There’s More Here Than the Game of Chess
Genre: Drama, Thriller, War, World Cinema
Year Released: 2023
Runtime: 1h 51m
Director(s): Philipp Stölzl
Writer(s): Philipp Stölzl, Eldar Grigorian
Cast: Oliver Masucci, Rolf Lassgård, Albrecht Schuch, Birgit Minichmayr
Where To Watch: Opening theatrically at NYC’s Quad Cinema on January 13, 2023, with additional markets to follow
RAVING REVIEW: Don’t expect to see a lot of chess being played here, but you will get to witness masterful storytelling that uses that strategy to its full advantage. A film that will leave you thinking long after you’re finished.
CHESS STORY is a tour-de-force in psychological filmmaking, delving deep into the twisted psyche of its central figure, Dr. Josef Bartok, through the prism of chess. Adapted from Stefan Zweig's seminal novel, screenwriter Eldar Grigorian crafts a non-linear narrative that commands the viewer's complete attention.
The film commences with a tense scene aboard a ship, in which a small moment reveals itself to possess immense significance. The narrative then adjusts, illuminating Bartok's arrest and incarceration before hurtling forward to the ship, where Bartok's love and skill for chess are displayed. The plot unfolds gradually, leaving the viewer with many unanswered questions yet ultimately cohering to a compelling conclusion.
Stölzl’s direction is powerful, granting the audience access to Bartok's innermost thoughts and feelings as he refuses to relinquish the information that is actively trying to be pried from him, even at the cost of dire consequences. The character's feelings of isolation, frustration, and despair while in prison are almost documentary-like, to the extent that you can forget what you are watching is a drama. I enjoyed that the audience was always privy to the same information as Bartok, building to a twist in the second act that you won’t expect.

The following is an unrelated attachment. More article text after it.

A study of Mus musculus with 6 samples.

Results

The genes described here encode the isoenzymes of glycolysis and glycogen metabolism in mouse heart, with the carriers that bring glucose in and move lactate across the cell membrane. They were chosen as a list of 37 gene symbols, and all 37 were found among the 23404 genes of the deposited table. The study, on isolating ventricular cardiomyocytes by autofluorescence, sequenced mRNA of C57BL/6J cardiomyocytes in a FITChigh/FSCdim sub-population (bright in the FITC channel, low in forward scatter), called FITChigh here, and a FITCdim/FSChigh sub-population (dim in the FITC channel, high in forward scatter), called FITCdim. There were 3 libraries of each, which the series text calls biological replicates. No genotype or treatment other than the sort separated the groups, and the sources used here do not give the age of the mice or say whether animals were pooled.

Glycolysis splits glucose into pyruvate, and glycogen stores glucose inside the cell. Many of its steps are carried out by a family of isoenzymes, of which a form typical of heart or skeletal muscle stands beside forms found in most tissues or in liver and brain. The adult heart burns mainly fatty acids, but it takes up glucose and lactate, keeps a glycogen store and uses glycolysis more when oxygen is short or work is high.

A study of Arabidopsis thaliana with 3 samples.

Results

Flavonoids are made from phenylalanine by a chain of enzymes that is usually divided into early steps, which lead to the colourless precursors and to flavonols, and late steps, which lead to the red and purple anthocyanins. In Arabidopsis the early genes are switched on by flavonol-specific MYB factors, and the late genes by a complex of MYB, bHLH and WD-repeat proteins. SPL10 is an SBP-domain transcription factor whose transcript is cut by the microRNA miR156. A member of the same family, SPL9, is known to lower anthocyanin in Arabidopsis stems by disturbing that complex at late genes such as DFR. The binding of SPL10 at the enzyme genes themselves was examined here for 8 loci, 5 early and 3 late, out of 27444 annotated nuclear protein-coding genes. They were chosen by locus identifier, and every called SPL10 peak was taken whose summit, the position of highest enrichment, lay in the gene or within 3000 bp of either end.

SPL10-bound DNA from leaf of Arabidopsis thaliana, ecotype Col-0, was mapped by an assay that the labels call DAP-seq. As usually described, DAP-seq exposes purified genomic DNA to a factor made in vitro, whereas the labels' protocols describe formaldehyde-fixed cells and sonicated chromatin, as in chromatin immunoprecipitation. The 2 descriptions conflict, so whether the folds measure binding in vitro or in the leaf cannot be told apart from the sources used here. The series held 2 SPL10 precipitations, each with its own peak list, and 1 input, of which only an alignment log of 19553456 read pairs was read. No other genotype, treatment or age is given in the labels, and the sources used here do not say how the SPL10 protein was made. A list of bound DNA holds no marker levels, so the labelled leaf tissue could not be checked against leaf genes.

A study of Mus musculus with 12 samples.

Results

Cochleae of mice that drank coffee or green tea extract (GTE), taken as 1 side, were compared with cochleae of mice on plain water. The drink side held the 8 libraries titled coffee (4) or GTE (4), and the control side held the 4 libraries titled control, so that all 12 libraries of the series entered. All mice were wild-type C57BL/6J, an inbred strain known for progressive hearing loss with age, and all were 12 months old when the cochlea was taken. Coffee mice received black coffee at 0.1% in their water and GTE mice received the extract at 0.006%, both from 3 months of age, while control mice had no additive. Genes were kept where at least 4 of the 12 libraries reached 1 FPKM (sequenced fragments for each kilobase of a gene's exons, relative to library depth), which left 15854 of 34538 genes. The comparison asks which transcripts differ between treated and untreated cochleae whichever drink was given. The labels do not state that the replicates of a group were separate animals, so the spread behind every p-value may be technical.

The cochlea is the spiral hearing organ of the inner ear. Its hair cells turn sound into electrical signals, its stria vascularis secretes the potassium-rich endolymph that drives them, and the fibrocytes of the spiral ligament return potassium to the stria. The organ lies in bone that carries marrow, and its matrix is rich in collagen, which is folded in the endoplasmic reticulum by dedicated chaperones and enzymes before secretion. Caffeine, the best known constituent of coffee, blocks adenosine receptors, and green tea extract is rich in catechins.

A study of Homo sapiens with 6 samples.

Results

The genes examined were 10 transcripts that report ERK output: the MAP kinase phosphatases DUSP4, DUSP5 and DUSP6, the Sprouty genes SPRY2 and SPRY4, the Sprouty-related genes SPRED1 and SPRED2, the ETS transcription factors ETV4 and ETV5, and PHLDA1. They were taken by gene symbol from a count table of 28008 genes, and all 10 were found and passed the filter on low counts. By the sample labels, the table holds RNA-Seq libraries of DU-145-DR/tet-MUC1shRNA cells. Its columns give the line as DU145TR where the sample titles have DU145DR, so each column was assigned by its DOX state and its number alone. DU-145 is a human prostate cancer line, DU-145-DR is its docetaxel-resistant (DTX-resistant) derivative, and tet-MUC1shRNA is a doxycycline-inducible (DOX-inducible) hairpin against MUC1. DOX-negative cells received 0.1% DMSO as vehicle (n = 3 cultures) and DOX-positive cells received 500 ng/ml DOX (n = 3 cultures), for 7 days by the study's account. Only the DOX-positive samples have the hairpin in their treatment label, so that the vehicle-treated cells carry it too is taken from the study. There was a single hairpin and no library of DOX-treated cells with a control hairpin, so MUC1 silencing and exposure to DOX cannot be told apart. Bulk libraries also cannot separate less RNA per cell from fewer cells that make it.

The film does have some hurdles for a wider audience. The pacing can be deliberate and slow, and it takes time for the narrative to gather steam fully. Additionally, the film's central connection to chess may take time to become apparent to some viewers, with the metaphor only becoming clear as the story progresses.
When held up against other chess-centric films, such as THE QUEEN'S GAMBIT, the title may be slightly misleading, instead utilizing it as a thematic parallel for the most part. Yet, in this way, CHESS STORY distinguishes itself as a cerebral, intellectually stimulating film that repays the viewer's investment in spades for those who prefer challenging and cerebral storytelling.